Sandy Brodie’s pineapple days

Hawai‘i born-and-raised Kaua‘i resident and retired Coast Guard Reserve Captain Sandy Brodie worked at the Del Monte pineapple cannery in Iwilei, Honolulu, as a high school student during the summers of 1955, ‘56 and ‘57 — one of thousands of Hawai‘i high schoolers, who over many years spent their summer vacations working in Hawai‘i’s pineapple canneries.

Sandy’s father, Alexander “Lex” Brodie, who was born in Kekaha, Kaua‘i, also worked in the pineapple industry, at that time as superintendent of Dole’s Iwilei cannery.  

Lex, by the way, would later become famous for over 1,000 Lex Brodie Tire Co. TV commercials he produced between 1964 and 1990, featuring his “Thank you … very much!” slogan and his “Little Joe” caveman mascot.  Sandy’s great grandfather was Kaua‘i Judge C. B. Hofgaard.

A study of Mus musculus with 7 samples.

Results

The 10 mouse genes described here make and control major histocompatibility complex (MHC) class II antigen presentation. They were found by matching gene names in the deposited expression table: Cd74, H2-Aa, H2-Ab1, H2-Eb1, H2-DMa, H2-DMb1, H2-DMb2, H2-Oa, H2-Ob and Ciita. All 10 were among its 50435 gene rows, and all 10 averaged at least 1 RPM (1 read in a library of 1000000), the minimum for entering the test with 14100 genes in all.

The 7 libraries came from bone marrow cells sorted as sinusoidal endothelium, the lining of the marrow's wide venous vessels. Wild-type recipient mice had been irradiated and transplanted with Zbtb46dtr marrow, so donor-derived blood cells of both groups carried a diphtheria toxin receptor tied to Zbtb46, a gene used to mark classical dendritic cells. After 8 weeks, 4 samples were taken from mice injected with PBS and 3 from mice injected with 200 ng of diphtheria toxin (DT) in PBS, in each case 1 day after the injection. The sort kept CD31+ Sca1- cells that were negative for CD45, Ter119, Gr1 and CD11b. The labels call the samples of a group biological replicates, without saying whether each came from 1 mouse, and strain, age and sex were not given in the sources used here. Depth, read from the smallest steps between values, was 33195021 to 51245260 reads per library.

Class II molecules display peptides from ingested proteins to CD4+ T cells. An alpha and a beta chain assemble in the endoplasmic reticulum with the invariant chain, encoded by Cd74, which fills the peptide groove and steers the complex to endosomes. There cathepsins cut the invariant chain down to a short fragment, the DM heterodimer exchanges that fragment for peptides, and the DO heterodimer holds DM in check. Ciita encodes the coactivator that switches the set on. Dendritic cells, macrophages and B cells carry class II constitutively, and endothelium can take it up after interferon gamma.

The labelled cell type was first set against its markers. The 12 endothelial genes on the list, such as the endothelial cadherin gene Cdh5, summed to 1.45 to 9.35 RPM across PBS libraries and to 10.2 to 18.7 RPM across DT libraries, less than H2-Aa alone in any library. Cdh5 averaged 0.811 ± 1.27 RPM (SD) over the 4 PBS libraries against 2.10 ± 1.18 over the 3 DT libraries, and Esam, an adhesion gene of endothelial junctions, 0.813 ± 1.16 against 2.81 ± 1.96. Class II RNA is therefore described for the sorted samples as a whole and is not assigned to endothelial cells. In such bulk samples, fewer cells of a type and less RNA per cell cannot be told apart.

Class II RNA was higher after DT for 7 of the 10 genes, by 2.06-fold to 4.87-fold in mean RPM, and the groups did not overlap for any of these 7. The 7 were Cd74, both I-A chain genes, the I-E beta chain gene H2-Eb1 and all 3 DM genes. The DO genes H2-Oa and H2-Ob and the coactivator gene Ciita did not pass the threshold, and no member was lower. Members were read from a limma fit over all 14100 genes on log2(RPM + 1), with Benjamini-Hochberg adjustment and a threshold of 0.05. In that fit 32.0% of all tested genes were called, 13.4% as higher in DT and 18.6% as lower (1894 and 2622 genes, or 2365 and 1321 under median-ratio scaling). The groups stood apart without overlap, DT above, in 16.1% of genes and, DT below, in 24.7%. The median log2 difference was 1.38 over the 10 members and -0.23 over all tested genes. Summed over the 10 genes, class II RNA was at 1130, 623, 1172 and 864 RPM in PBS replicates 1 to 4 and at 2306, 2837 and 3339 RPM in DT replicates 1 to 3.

At Del Monte, Sandy was trained to make and maintain knives for Ginaca pineapple processing machines, of which Del Monte had 22 or 23. His wages were $1.15 an hour.  

Sandy recalled, “Sometimes I was called upon to be a relief feeder — taking the pine from the conveyor and setting them in the Ginaca’s feed chain. The standard speed was about 50 per minute. Handling pine all day required gloves, but somehow we all still got rashes on our arms from the juice. Feeding next to a Ginaca preempted any conversation, because the machine was so loud you had to shout at the top of your lungs. The trimmers, on the quieter back side of the machine, also had to deal with monotony, but at least were able to chat among themselves.”

On Kaua‘i, three pineapple canneries employed high school summer hires: Kapa‘a’s Hawaiian Canneries (1913-1962), Hawaiian Fruit Packers in Kapahi (1932-1973) and Kaua‘i Pineapple Co. in Lawa‘i (1907-1964).

The last remaining Hawaiian pineapple cannery closed on Maui in 2007.